We've all heard of the cloud, but what is it?

The cloud provides a place for users to store their files, from Word documents to graphics. Instead of using servers to save and access information, you use a public or private off-site data warehouse. Cloud computing offers you the option to get rid of that bulky equipment and use a sleek, online storage solution. However, it's not ideal for everyone, so it's important to consider your choices.

Flexibility is key
For small business owners, the cloud offers flexibility that hardware can't. When you're first starting up, you won't need as much space as a large company. Cloud computing provides you with the option to choose how much space to buy and allows you to expand or scale down storage as you see fit, Entrepreneur explained. Cloud computing fits into your financial plan perfectly since you don't need to purchase a set amount of storage.

Cloud computing also takes pressure off your business banking because it's all managed off site by your provider. While one or two IT professionals are useful to help with computer problems, you don't need an entire staff with the cloud, according to Tech in Mind. With fewer employees, you'll have more money to spend on other aspects of your business. Your cloud provider will fix any issues you encounter.

If your employees work on several projects together, the cloud is also great for collaboration. With all your company's files in the cloud, it makes it easy for anyone to open and edit them, the source explained. Since everything is stored online, your employees can collaborate with one another no matter where they are.

Relying on others for access
While there are many benefits to cloud computing, there are also just as many disadvantages. Security remains a primary issue for companies considering making the switch. While there are protocols put in place by cloud providers, there are still opportunities for hackers to get into the system. However, your information is just as much at risk on your servers as it is on the cloud, except your provider has strategies in place to keep your data safe, according to Entrepreneur. Some cloud providers are coming up with solutions to ensure that even they cannot access your information without your permission.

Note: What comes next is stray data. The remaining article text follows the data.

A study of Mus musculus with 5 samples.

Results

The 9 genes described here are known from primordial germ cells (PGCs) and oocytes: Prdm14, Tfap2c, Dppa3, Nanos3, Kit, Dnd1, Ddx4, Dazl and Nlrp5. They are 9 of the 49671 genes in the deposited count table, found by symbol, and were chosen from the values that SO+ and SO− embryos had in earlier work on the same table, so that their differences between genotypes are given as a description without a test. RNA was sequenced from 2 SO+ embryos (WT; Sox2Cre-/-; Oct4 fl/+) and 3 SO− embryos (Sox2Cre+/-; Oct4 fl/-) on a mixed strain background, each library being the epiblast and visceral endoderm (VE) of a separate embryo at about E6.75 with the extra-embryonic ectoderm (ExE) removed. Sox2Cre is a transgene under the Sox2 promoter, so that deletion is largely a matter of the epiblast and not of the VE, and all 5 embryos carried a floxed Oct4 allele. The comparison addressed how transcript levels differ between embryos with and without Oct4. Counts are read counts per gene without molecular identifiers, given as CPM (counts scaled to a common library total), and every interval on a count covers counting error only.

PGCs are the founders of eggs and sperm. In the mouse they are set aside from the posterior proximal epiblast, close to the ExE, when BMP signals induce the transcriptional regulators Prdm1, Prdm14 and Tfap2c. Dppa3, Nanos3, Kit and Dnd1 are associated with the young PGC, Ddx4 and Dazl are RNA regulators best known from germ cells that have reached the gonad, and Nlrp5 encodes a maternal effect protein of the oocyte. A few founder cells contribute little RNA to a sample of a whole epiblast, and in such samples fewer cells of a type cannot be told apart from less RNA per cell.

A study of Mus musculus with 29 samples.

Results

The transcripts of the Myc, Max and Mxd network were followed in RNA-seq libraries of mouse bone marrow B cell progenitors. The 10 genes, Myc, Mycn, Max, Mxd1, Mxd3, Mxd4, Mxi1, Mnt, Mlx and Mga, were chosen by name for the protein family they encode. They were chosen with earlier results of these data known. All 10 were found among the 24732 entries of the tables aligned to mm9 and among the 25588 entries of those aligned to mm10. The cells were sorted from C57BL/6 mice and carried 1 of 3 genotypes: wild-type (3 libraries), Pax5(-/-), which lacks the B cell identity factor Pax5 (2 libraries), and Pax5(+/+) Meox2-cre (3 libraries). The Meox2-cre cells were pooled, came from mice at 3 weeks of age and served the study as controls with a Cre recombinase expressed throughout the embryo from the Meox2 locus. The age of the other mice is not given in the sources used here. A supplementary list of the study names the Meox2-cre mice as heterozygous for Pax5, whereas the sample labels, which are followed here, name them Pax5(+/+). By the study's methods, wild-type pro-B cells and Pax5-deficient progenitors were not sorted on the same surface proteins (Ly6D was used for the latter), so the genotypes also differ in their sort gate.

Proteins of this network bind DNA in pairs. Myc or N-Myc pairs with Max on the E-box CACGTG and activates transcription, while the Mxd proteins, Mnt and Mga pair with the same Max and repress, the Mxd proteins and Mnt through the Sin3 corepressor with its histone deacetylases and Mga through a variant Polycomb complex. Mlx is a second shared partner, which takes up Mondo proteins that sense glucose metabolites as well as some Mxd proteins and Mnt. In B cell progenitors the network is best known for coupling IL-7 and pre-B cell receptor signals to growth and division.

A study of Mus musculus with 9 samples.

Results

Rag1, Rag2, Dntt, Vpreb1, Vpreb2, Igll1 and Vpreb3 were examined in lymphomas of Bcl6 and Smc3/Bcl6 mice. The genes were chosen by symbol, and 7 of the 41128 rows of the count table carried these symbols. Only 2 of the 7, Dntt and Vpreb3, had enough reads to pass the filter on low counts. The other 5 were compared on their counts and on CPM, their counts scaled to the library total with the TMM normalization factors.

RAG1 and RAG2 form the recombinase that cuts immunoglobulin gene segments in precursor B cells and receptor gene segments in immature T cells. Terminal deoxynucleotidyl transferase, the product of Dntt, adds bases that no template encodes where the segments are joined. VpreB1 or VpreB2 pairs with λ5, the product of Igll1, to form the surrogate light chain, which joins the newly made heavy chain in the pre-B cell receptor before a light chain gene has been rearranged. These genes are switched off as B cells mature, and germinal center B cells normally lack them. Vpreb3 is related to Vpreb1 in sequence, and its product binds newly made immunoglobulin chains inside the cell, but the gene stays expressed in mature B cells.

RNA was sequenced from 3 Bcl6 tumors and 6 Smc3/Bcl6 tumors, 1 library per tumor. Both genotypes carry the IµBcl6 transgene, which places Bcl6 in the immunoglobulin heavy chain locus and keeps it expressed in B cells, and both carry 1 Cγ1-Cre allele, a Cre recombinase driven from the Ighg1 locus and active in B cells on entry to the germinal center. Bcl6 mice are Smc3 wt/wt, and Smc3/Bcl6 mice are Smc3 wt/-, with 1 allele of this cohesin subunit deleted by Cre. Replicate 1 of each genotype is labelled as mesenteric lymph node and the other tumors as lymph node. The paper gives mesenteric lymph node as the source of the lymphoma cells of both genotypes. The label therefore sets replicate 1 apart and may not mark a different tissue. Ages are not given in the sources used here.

There is also the problem of outages when it comes to cloud computing. It's one thing when you have control over getting the servers fixed ASAP. It's another story when you have to rely on someone off-site to get the cloud back up and running, Tech in Mind explained.

Cloud computing also relies heavily on the Internet, which means if you lose connection, you lose access to your files. Slow connectivity can also affect how well you can open documents on the cloud.

While using the cloud for storage can be useful, it also comes with its faults. Before switching to cloud computing, weigh the pros and cons to ensure you have the best system to run your small business.